By clarifying the qualified residential mortgage (QRM) and QM (qualified mortgage) rules, regulators could attract private investors back into the mortgage market, Michael Held, president of ""Wells Fargo Home Mortgage"":https://www.wellsfargo.com/mortgage/, told the audience at the ""Mortgage Bankers Association's"":http://www.mbaa.org/default.htm (MBA) Annual Conference and Expo in Chicago Monday.[IMAGE]
Held, part of a panel discussing housing finance, said that some 90 percent of loans today are owned by government entities such as ""Fannie Mae"":http://www.fanniemae.com/portal/index.html, ""Freddie Mac"":http://www.freddiemac.com/ and the ""Federal Housing Administration"":http://portal.hud.gov/hudportal/HUD?src=/program_offices/housing/fhahistory (FHA). Private investors, which were a significant part of the market prior to the 2006-2009 financial crisis, have yet to come back into the market due to concerns over regulations, including undefined regulations like QM and QRM. As long as those rules are undefined, the size of the mortgage market is difficult to define, leading to private investors' reluctance to participate in it.
""There should be a sense of urgency to get private investors back into the market,"" Held added.
""Do you need QRM on top of QM?"" Held asked, recommending that they be defined together rather than separately. ""Multiple rule patterns have to be balanced, otherwise it is harder to extend credit.""
Held and other panelists agreed that mortgage lenders have returned to the core of the business-""helping customers achieve homeownership,"" and that many of the lenders who had made risky loans based on ""short-term decisions"" have ""wrung themselves out of the industry due to those decisions.""[COLUMN_BREAK]
Held, along with Bill Cosgrove, 2013 MBA vice chairman, did see validity in the safe harbor portion of the QM rules, saying it would help prevent frivolous lawsuits. However, John Taylor, president and CEO of the ""National Community Reinvestment Coalition"":http://www.ncrc.org/, said that the lawsuits come primarily ""when bad things are being done.""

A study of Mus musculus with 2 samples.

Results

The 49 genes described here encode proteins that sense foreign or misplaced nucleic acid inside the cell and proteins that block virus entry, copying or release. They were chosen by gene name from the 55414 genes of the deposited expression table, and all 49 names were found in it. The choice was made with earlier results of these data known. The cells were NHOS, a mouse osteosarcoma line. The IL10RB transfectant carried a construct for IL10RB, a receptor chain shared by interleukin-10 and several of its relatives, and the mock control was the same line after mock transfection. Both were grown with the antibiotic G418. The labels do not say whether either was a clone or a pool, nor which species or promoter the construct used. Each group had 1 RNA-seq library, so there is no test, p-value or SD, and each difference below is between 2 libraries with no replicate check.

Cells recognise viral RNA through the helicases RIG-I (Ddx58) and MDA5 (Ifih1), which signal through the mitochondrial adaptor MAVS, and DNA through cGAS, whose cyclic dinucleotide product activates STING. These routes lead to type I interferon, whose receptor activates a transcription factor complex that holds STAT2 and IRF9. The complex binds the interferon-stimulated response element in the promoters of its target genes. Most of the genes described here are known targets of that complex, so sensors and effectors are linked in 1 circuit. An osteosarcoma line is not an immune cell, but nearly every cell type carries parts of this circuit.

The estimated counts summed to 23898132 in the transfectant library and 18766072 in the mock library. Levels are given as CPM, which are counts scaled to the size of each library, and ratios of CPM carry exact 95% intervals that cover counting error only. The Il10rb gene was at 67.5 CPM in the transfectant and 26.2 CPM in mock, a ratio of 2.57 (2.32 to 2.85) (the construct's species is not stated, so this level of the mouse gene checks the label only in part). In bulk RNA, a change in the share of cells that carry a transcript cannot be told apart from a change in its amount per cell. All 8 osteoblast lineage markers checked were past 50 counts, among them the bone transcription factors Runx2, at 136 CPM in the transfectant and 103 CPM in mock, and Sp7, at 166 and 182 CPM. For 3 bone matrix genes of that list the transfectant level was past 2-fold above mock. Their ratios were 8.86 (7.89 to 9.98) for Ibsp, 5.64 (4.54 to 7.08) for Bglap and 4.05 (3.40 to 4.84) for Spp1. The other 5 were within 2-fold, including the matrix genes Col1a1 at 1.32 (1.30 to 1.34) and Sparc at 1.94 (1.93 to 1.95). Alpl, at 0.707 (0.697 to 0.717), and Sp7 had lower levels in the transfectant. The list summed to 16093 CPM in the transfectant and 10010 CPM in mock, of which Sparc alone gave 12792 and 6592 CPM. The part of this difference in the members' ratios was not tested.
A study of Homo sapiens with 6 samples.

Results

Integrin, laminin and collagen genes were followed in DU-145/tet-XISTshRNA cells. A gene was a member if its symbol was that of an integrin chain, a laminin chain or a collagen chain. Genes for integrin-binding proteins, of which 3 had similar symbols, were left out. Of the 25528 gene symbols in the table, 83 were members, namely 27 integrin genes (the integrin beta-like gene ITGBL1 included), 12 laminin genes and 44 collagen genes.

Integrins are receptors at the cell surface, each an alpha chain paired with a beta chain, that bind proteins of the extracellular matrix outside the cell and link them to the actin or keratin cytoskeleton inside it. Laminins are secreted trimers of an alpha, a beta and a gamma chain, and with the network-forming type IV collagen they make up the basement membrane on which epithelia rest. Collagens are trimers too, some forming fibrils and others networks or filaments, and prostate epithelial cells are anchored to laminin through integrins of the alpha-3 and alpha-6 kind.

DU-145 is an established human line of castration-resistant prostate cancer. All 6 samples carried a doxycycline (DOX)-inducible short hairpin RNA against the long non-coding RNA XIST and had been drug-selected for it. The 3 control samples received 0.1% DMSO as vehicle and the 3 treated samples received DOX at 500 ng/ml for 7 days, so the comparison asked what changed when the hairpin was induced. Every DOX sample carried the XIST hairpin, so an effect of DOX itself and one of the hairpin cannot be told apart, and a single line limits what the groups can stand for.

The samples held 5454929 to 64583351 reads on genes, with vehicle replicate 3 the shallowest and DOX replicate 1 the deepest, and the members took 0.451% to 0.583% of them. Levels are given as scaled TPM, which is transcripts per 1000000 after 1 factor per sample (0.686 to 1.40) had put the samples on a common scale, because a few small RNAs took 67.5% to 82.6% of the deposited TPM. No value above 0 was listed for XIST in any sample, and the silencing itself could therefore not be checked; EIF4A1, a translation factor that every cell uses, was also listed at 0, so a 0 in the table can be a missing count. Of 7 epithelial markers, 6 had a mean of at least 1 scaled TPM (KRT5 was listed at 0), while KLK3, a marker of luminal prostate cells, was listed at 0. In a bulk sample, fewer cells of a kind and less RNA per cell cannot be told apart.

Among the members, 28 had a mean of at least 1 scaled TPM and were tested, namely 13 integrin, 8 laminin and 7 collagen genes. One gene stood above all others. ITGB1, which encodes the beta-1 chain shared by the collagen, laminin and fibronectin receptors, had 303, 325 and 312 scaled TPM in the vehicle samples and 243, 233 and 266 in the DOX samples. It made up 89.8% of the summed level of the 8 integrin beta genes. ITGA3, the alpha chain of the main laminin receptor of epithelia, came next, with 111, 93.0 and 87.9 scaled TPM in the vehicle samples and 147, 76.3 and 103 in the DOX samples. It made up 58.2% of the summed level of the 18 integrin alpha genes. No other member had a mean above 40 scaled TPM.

Taylor said that the level of lawsuits was very low before the housing crisis and expects litigation to drop off as the industry improves.
""You don't have to worry about litigation if you are doing the right thing,"" Taylor said.
Taylor added that there was very little litigation or other industry problems before 1999 because lenders were focused on lending. But with the advent of investment banks, lenders started focusing more on immediate profits. He called the crisis itself ""an example of brokers gone wild. Everyone from investors to borrowers to everyone in between made a lot of bad decisions. No one was paying attention until the market collapsed.""
However, Taylor agreed with Held and Cosgrove that too much regulation will do more harm than good, saying ""there needs to be a balance.""
The concerns over lending rules, primarily those concerning risk, has lenders denying loans at a higher rate than any other time in the last 25 years, according to Cosgrove.
""A lot of good borrowers are being denied. Underwriting is not so much a science as an art. I don't think that Washington gets that,"" Cosgrove said.
Taylor concurred, reflecting that lenders at one time didn't make a loan if they questioned the borrower's ability to handle it. During the crisis, however, the focus was too much on financial literacy and not enough on the borrower's ability to repay a loan.